We continue to uncover and understand how to best work with Peter Senge’s 11 Laws of Systems Thinking. Understanding how systems work in terms of the problems and challenges that you’re facing can be instrumental in making you not only a good manager but a great leader. You’ll need to understand how systems look and how you can identify system problems, but also what you can do with them to understand how they operate.
Law #3: Behavior grows better before it grows worse.
This is a really surprising one in some ways. It acknowledges what happens when we are making system changes and the delay in the actual effect of the change that we’re making. It’s about starting to understand and respect the delay in the intended behavior change when we bring a change to the system. You might call it the “honeymoon phase.”
For instance, my team and I devised an operational plan to best support the strategic plan of our organization. And that was fine – really good, actually. Behavior was terrific at the beginning, but inevitably, behavior started to fall apart. We had the right solution. So it’s the acknowledgment that we’re going to be good at first, but there will be some challenges, and can we get ahead of those challenges?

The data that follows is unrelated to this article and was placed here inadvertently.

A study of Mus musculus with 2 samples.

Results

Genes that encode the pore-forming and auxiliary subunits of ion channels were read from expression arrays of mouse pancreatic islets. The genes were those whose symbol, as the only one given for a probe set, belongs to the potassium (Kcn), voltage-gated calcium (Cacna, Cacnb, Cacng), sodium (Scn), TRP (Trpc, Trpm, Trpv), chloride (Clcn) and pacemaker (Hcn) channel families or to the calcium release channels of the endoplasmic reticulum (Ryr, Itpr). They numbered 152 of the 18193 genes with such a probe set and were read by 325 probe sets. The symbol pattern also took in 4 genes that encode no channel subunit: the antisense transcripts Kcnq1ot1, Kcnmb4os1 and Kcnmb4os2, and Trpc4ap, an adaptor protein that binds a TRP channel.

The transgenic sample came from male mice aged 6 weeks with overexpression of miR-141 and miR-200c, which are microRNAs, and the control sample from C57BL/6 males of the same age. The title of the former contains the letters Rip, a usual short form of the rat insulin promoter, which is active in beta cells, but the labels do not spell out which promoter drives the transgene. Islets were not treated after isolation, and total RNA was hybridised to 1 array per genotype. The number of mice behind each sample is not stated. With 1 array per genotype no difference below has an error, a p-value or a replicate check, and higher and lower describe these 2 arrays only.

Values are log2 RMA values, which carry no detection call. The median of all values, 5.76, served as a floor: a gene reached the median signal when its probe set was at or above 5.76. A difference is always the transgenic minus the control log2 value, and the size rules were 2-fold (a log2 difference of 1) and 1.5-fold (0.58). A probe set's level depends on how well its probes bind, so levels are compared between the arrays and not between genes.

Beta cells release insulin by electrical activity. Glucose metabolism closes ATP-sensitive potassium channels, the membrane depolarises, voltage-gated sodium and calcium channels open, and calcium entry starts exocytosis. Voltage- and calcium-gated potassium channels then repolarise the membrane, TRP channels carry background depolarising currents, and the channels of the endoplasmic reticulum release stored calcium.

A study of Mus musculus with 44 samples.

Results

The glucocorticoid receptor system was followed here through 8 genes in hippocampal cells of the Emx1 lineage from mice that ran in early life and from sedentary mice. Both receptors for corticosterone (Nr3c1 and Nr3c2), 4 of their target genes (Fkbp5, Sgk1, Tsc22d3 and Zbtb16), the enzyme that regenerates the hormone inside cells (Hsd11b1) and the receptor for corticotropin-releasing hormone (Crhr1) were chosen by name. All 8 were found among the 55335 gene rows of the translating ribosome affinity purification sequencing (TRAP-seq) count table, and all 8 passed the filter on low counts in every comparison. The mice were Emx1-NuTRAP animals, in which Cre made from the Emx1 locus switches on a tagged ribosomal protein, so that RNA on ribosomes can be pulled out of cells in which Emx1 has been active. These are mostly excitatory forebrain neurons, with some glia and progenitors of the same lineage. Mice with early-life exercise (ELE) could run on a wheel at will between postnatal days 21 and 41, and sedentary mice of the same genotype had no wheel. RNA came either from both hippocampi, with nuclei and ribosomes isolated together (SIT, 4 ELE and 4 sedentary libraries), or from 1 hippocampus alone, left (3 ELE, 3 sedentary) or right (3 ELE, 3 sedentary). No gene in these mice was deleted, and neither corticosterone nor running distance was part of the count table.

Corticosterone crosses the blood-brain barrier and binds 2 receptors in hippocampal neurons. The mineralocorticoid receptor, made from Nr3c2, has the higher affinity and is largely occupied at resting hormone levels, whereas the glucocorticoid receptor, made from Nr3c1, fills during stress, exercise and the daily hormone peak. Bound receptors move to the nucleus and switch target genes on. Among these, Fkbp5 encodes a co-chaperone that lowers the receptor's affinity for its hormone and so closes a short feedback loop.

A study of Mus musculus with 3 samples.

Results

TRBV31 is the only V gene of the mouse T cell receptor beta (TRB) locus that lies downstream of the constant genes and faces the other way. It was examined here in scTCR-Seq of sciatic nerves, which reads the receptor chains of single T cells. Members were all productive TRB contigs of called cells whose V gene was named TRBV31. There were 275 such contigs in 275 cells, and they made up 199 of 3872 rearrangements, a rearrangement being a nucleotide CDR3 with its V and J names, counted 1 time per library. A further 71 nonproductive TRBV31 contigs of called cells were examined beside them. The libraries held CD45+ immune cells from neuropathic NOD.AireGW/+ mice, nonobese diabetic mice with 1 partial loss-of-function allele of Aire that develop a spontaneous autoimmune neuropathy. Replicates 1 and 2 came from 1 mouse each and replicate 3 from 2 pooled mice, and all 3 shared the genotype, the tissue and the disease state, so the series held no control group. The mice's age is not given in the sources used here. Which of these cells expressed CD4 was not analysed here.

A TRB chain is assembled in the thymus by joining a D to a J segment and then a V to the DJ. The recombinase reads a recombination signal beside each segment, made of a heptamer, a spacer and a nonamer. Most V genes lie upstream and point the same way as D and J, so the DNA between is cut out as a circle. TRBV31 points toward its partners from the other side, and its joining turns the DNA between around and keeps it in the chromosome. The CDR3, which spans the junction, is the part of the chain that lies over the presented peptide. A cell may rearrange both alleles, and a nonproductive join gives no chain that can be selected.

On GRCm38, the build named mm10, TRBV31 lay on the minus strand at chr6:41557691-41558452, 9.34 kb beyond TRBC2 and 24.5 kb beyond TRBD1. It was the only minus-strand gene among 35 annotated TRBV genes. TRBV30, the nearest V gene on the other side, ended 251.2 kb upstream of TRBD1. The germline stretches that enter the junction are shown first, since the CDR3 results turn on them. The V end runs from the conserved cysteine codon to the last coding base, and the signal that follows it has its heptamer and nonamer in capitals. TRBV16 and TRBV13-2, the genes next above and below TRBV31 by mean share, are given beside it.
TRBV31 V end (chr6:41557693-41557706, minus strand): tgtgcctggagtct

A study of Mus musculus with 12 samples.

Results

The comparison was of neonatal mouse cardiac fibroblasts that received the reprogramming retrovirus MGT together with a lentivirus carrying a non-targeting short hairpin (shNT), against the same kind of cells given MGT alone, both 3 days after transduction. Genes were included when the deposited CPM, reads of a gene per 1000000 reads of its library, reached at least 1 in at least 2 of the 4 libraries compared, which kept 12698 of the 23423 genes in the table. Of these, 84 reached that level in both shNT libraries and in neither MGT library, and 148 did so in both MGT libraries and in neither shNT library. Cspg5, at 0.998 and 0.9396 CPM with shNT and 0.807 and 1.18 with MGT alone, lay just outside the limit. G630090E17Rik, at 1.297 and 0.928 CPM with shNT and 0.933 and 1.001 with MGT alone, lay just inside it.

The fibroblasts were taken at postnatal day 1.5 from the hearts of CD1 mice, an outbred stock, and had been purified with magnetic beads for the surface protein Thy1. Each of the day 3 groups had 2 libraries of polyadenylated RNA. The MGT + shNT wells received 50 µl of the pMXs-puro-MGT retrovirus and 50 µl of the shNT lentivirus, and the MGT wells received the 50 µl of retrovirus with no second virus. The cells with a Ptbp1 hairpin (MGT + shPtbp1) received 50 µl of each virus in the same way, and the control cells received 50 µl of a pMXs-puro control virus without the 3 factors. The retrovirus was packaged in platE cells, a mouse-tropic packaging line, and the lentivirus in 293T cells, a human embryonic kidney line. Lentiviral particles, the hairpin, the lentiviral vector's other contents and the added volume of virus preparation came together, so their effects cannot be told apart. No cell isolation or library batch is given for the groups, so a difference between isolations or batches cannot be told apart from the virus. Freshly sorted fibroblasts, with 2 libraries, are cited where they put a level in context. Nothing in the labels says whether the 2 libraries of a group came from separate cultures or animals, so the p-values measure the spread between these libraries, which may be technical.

Preempt the Honeymoon Phase
The very first idea I want to share with you is this idea of preempting the bad behavior, understanding where it may come from, talking about it before it happens, and understanding what you will do when it does happen. Make sure there is a shared understanding with your team that this is what happens, and this is what we will do.
Anticipate Unintended Consequences
Recognize that well-intentioned actions can have unintended consequences. Use tools like the Causal Loop Diagram or scenario planning to map out potential ripple effects of interventions. Consider the long-term consequences and assess the likelihood of behaviors growing worse after an initial improvement. So again, getting ahead of what you know is going to be happening is super smart.
Emphasize Continuous Learning
You’ve heard this one before – emphasize and nurture continuous learning. Systems are dynamic and evolving, and when you embrace a continuous learning way of doing business, of managing and leading, you’ll be that much more comfortable in how systems shape, shift, evolve, respond, or don’t respond. The more comfortable you are with how systems work, the easier it will be to understand why behavior grows better before it grows worse.